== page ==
Mr. Espresso Upgrades Flexible Screw Conveyor Operating Since 1991
OAKLAND, CA — Coffee connoisseurs in the San Francisco Bay area often source their favorite brews from a famed local roaster called Mr. Espresso. The company, which opened in 1978 selling Italian espresso machines to restaurants and cafes, has supplied gourmet coffee, including espresso blends, since 1982.
The family-run business, founded in Oakland by Carlo Di Ruocco, promotes traditional Italian coffee making through the artisanal nature of its operations. One example is an innovative oak wood fire roasting technique that releases robust coffee flavor. Another is a company culture that values old, reliable machines.
One such is a flexible screw conveyor from Flexicon Corporation that Mr. Espresso purchased in 1991. The conveyor and hopper transport ground coffee to a packaging machine from two grinders that also have at least a quarter century each of service, says John Di Ruocco, operations manager and son of the founder.
A rugged flexible spiral is the only moving part that contacts the ground coffee. As it rotates, the spiral self-centers within a flexible plastic tube, providing uniform wall clearance that eliminates or minimizes grinding or clogging of the material.
"This is a problem-free way of transporting ground coffee," Di Ruocco notes. "Any other conveying option would entail higher cost with no additional benefit. When a machine works as well as this one does, there is no need to replace it."
However, the company recently required the addition of a stainless steel hopper cover, and initiated a request through Flexicon representatives at the Specialty Coffee Association of America Expo in Atlanta, GA.
The cover measures 36 by 36 in. (91 by 91 cm), says Di Ruocco. Flexicon customized the cover with two inlets that mate with each grinder discharge chute. For easy access to the interior of the hopper, a hinge runs the length of the lid creating a 36 in. (91 cm) long door that swings up.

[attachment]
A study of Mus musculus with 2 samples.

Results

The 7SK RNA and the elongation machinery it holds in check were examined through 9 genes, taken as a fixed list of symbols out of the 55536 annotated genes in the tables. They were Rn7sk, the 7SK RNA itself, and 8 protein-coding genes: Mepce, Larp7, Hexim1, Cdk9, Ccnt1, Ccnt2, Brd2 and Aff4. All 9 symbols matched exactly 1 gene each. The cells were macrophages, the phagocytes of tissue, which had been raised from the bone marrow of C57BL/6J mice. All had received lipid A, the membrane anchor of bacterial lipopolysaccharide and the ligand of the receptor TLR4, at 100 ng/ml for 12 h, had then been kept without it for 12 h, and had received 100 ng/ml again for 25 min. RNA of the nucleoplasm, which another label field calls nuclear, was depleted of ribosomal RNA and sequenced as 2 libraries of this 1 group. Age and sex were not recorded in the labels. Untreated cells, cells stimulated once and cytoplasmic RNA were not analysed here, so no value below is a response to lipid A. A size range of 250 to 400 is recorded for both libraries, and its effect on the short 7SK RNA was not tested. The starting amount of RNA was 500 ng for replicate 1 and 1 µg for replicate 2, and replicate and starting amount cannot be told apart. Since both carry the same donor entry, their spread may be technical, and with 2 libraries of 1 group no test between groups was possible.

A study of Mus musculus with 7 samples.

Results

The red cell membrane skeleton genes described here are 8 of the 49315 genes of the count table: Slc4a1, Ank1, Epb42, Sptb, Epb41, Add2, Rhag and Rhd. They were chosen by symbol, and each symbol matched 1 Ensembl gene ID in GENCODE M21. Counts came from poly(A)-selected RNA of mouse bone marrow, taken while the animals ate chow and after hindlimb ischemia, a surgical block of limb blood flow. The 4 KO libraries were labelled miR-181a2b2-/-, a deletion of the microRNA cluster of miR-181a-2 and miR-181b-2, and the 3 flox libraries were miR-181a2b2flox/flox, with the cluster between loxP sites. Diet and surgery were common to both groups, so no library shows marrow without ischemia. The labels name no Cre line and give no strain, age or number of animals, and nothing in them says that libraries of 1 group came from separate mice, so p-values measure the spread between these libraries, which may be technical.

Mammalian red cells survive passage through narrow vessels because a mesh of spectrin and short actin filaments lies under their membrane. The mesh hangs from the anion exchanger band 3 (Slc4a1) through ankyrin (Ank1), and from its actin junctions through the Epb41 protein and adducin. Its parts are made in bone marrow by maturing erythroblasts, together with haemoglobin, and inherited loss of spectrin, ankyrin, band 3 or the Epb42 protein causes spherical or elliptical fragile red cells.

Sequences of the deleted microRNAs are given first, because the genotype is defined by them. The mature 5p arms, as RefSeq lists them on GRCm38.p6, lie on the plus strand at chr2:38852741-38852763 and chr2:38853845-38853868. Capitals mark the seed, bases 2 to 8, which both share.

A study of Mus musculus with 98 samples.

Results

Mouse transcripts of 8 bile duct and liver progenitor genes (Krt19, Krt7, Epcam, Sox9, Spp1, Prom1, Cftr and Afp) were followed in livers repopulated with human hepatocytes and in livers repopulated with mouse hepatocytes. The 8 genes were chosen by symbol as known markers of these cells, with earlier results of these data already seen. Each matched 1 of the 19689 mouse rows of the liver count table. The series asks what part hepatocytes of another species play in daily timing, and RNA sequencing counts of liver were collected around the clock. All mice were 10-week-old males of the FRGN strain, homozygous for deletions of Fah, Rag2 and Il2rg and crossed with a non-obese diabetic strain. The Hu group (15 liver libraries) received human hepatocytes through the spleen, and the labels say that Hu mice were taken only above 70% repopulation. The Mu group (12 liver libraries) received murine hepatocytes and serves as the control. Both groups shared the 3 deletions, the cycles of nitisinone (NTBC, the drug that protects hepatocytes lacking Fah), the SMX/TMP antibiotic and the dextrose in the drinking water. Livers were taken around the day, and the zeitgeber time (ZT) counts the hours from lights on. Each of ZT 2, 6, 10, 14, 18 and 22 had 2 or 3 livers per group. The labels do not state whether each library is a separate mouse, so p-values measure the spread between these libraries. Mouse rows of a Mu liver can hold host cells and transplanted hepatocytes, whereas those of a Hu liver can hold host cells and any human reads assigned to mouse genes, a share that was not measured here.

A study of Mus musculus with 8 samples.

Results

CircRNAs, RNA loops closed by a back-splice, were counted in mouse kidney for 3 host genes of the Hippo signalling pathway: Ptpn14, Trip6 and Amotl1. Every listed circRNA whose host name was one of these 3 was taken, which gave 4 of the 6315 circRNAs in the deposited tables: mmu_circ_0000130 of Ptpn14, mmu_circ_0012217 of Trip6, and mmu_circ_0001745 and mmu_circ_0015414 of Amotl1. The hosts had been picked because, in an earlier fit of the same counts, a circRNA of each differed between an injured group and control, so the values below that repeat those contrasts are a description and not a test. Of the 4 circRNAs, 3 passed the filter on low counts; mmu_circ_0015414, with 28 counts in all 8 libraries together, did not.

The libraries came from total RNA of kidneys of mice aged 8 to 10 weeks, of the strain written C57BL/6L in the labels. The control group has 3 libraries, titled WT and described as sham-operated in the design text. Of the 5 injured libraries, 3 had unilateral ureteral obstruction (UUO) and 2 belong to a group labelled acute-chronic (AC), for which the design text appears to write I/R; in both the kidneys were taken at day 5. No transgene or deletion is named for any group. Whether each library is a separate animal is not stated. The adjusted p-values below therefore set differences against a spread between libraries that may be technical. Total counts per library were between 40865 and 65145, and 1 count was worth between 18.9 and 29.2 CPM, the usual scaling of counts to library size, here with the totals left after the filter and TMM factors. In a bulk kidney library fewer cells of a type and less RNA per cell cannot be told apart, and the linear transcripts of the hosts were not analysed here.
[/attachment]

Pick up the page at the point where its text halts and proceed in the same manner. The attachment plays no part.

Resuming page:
Filling coffee packages for 25 years An operator manually loads roasted beans into the hoppers of the grinders, which are positioned on either side of the 8 cu ft (226 l) capacity hopper. Ground coffee flows from the grinders into the hopper, which charges the 3 in. (76 mm) diameter flexible screw conveyor. The coffee is then conveyed 10 ft (3 m) at a 45 degree incline to a filling machine for 2.75 or 7 oz (78 to 198 g) packages.
Despite its age and lack of modern controls, the flexible screw conveyor continues to reliably and automatically deliver ground coffee to the filling machine, for a quarter-century of productivity for Mr. Espresso.
"With the new stainless steel cover in place, the conveying system has many years of service ahead," Di Ruocco says.
A flexible spiral is the only moving part contacting the coffee, which is discharged below the point at which the spiral connects to the motor drive, preventing material contact with seals or bearings.